False Pass

Photo courtesy of nativeamericanencyclopedia.com

False Pass is located on the eastern shore of Unimak Island on a strait connecting the Pacific Gulf of Alaska to the Bering Sea. It is 646 air miles southwest of Anchorage. It lies at approximately 54d 51m N Latitude, 163d 24m W Longitude. (Sec. 34, T061S, R094W, Seward Meridian). False Pass is located in the Aleutian Islands Recording District. The area encompasses

26.9 sq. miles of land and 41.4 sq. miles of water.


The name False Pass is derived from the fact that the Bering Sea side of the strait is extremely shallow and cannot accommodate large vessels. The area was originally settled by a homesteader in the early 1900s, and grew with the establishment of a cannery in 1917. Natives immigrated from Morzhovoi, Sanak Island and Ikatan when the cannery was built. A post office was established in 1921. The cannery has operated continuously, except for 1973 – 1976, when two hard winters depleted the fish resources. The cannery was subsequently purchased by Peter Pan Seafoods. It was destroyed by fire in 1984, and was not rebuilt. The City was incorporated in 1990.


The community is primarily Unangan. Fishing, fish processing and subsistence activities are the mainstays of the lifestyle.


The local economy is driven by commercial salmon fishing and fishing services. False Pass is an important refueling stop for Bristol Bay and Bering Sea fishing fleets. 11 residents hold commercial fishing permits. The Peter Pan Seafoods plant burned down in 1984. A floating processor from Homer, The Dipper, began processing salt cod in January 2000 for the Norwegian company Aleutian Quality Seafoods. Bering Pacific Seafoods opened in June 2000. Cash income is supplemented by subsistence hunting and fishing. Salmon, halibut, geese, caribou, seals and wild cattle on Sanak Island are utilized.


Water is derived from a nearby spring and reservoir, is treated and stored in a 60,000-gallon tank. Most homes are connected to the piped water system. Almost 80% of homes are fully plumbed. Many residents have individual septic tanks; wastewater from seafood processing flows directly into an outfall line. The City collects refuse twice a week. There are no recycling programs available. Water system improvements and a new landfill are needed.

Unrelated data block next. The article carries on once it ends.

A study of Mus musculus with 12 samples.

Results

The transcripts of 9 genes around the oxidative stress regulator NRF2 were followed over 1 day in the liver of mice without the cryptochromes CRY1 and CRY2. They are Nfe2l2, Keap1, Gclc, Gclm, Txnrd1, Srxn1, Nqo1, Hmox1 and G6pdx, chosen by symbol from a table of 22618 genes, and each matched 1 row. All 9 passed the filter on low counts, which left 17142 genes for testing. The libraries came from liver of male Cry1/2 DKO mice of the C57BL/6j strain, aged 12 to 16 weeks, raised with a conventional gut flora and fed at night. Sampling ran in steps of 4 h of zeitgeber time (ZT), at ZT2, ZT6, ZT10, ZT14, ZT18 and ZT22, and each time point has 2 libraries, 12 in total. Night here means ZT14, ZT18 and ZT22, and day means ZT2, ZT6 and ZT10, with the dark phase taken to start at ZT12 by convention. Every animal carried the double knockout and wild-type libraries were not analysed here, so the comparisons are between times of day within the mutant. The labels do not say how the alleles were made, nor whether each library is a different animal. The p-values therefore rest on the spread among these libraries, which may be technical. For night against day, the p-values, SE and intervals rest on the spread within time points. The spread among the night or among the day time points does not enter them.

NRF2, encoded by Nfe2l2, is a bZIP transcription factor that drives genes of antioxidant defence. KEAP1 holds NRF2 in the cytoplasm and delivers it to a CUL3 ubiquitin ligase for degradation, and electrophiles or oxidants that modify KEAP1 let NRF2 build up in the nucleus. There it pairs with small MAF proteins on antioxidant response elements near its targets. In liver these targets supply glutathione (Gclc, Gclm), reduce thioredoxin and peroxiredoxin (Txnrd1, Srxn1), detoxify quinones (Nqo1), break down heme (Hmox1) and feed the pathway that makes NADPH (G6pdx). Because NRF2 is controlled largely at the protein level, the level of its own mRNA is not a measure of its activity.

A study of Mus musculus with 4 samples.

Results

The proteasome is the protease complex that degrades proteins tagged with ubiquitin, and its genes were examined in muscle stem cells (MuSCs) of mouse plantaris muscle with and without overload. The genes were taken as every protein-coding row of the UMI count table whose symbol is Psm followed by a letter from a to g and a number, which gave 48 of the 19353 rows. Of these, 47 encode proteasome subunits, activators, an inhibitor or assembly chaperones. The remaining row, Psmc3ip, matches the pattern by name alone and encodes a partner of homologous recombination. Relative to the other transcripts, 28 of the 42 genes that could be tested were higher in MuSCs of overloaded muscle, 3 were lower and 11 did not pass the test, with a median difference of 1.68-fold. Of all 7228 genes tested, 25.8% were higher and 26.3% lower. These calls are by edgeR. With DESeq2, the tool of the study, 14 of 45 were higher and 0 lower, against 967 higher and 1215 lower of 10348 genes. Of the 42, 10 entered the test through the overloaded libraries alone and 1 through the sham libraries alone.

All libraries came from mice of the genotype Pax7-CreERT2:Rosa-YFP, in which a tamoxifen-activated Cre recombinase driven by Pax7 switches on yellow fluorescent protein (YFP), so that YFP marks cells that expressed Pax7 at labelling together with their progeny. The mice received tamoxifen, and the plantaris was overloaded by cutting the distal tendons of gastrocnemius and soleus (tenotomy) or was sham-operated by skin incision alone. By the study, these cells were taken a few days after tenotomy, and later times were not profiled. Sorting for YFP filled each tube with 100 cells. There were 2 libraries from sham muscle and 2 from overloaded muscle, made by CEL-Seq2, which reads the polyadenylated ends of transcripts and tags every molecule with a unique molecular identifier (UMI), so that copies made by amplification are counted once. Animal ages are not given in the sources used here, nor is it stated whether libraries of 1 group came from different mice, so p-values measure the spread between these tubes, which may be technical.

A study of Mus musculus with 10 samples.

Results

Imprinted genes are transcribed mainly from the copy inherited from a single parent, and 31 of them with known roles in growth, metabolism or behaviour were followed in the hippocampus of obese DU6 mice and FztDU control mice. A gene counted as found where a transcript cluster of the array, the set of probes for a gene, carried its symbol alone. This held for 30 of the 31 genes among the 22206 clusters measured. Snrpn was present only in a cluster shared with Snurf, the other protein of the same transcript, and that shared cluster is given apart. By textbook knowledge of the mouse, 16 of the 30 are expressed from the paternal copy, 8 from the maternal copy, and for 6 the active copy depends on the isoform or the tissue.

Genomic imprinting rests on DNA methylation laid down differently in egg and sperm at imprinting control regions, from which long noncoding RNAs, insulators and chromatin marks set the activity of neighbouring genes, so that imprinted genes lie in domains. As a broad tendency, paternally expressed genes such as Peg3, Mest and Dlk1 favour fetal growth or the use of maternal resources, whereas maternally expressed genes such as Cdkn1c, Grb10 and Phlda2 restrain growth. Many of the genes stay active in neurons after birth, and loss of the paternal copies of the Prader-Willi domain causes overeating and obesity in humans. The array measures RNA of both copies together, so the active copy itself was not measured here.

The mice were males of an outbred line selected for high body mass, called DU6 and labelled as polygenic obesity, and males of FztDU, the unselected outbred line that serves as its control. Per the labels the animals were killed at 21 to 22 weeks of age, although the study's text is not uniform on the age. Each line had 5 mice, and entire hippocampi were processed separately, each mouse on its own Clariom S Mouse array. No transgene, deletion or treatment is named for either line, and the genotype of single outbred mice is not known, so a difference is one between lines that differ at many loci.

Boats and aircraft provide the only means of transportation into False Pass. A state-owned 2,100 foot gravel airstrip and a seaplane base are available. Mail and passenger flights arrive three times weekly. There is no boat harbor, but new dock facilities and a boat ramp were recently completed. A boat haul-out and storage facility are under construction. Protected moorage is needed; the Borough has proposed a $13 million small boat harbor, which may begin construction in 2003. The Corps of Engineers are designing the facility. Cargo barges are available from Seattle. No local taxi or delivery services exist in False Pass. The State Ferry operates bi-monthly from Kodiak between May and October.


False Pass lies in the maritime climate zone. Temperatures range from 11 to 55. snowfall averages 56 inches, with total annual precipitation of 33 inches. Prevailing southeast winds are constant and often strong during winter. Fog is common during summer months.